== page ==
Feast day: Sept. 17
Born Oct. 4, 1542, in Monepulciano, Italy, St. Robert Bellarmine was one of 10 children of Cinzia Cervini and Vincenzo Bellarmino. He entered the novitiate of the newly formed Society of Jesus (Jesuit order) in September 1560, remaining in Rome for three years to study philosophy before going on to teach humanities in Florence and Mondovi.
He became famous for his Latin sermons, gaining a reputation as a professor and preacher, and drawing to his pulpit both Catholics and Protestants. In 1576, he was appointed to the chair of controversial theology at the Roman College, becoming rector in 1592, going on to become provincial of Naples in 1594 and cardinal in 1598.
Exemplary of his devotion was St. Robert Bellarmine’s defense of the Apostolic See against the anti-clericals in Venice and against the political tenets of James I of England. He composed an exhaustive apologetic work against the prevailing heretics of his day. Regarding the relationship between Church and state, he proposed a democratic ideal: authority originates with God but is vested in the people, who entrust it to fit rulers.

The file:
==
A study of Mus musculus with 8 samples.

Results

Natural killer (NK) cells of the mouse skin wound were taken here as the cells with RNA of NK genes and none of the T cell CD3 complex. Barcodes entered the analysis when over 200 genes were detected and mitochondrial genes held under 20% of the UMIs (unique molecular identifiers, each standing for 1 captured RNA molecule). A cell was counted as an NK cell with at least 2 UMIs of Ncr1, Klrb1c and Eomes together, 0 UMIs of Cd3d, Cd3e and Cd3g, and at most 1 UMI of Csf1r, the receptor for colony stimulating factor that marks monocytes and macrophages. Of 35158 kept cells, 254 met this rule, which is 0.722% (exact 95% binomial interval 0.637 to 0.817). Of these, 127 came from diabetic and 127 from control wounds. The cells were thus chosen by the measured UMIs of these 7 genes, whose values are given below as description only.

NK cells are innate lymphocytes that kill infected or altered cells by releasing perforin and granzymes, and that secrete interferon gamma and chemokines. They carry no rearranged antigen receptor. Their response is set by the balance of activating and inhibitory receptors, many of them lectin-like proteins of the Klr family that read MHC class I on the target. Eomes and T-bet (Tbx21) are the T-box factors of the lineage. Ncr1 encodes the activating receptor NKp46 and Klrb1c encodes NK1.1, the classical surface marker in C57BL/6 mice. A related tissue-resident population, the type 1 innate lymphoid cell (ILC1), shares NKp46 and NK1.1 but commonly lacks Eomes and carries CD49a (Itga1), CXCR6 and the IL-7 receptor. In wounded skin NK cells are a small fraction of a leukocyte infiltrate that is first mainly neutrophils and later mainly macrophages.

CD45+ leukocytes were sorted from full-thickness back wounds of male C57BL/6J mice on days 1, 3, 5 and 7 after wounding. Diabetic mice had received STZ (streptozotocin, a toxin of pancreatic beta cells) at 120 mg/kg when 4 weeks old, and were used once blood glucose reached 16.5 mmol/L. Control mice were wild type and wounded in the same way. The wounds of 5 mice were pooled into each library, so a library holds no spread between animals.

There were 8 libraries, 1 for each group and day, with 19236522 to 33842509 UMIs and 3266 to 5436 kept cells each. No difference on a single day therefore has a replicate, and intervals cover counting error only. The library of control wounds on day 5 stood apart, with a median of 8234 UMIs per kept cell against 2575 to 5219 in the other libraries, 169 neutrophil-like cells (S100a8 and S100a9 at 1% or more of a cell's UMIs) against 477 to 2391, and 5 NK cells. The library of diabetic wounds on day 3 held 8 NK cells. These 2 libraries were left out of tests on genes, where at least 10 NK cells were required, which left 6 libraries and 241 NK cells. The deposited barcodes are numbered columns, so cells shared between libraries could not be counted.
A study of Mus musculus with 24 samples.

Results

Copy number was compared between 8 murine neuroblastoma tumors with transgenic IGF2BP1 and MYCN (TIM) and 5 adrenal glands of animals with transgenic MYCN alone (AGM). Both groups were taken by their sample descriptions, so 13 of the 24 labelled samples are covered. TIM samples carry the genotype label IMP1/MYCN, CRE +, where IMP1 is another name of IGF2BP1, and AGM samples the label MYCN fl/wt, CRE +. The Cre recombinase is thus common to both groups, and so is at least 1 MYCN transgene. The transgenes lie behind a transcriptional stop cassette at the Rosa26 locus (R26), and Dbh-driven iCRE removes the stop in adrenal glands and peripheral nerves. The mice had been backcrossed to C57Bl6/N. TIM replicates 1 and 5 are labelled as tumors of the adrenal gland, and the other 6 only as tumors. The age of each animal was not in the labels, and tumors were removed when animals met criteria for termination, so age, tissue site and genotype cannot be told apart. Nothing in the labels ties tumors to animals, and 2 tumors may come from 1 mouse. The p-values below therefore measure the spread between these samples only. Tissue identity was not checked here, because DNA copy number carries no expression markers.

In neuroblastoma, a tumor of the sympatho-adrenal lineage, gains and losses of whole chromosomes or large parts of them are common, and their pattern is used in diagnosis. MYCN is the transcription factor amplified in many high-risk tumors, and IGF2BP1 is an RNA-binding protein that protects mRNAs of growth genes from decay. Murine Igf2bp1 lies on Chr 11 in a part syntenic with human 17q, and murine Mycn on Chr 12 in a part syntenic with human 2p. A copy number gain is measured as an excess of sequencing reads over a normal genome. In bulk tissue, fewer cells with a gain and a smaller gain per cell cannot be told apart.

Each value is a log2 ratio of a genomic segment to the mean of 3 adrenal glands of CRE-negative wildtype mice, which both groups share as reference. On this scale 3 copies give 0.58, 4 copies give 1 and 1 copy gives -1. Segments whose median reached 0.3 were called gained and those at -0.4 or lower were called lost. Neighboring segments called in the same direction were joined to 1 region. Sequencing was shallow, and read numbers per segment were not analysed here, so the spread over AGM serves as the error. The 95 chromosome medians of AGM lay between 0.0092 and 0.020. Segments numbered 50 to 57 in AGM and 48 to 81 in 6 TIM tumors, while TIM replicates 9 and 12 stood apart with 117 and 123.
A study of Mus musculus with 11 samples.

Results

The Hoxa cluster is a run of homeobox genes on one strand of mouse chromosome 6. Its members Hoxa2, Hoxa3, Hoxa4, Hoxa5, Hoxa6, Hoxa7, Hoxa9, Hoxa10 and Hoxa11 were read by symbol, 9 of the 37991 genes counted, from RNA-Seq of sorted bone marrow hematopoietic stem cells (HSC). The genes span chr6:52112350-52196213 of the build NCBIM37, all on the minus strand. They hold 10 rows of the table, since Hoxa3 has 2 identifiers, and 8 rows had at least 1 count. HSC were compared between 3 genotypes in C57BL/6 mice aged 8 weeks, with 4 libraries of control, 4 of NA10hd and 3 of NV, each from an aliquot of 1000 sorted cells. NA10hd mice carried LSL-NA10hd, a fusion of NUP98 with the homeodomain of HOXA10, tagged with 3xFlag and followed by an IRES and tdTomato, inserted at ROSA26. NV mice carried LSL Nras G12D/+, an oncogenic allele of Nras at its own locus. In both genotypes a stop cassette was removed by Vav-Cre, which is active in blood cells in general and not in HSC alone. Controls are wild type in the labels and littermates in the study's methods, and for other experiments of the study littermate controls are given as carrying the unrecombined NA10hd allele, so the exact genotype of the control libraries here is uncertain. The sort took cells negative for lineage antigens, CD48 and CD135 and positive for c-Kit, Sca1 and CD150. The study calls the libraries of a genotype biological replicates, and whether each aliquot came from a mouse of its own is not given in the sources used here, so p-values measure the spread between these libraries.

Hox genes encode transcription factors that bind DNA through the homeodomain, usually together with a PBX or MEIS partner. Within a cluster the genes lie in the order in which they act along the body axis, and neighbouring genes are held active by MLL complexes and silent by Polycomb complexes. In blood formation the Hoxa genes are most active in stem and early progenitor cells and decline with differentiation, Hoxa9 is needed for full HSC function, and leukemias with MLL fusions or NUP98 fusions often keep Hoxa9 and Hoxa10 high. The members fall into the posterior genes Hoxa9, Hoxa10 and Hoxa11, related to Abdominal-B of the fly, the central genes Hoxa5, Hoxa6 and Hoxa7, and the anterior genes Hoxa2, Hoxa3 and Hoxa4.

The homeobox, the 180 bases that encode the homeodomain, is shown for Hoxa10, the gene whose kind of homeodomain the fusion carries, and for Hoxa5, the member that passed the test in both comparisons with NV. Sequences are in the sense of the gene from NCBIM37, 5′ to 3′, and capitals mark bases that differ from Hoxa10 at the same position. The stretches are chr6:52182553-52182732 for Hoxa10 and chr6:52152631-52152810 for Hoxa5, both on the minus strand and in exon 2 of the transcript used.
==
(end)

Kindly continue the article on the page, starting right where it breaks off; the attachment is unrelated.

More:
St. Robert Bellarmine was the spiritual father of St. Aloysius Gonzaga, promoting his cause for canonization. He helped
St. Francis de Sales obtain formal approval of the Visitation Order, opposed severe action in the case of Galileo. He has left a host of important writings, including works of devotion and instruction, as well as controversy. He died in 1621.
St. Robert Bellarmine was canonized by Pope Pius XI in 1930, and declared a Doctor of the Universal Church in 1931. His remains are displayed behind glass under a side altar in the Church of St. Ignatius, the chapel of the Roman College, next to the body of St. Aloysius Gonzaga, as he had wished. St. Robert Bellarmine is the patron saint of catechists.
Sources: www.catholic.org, www.newadvent.org.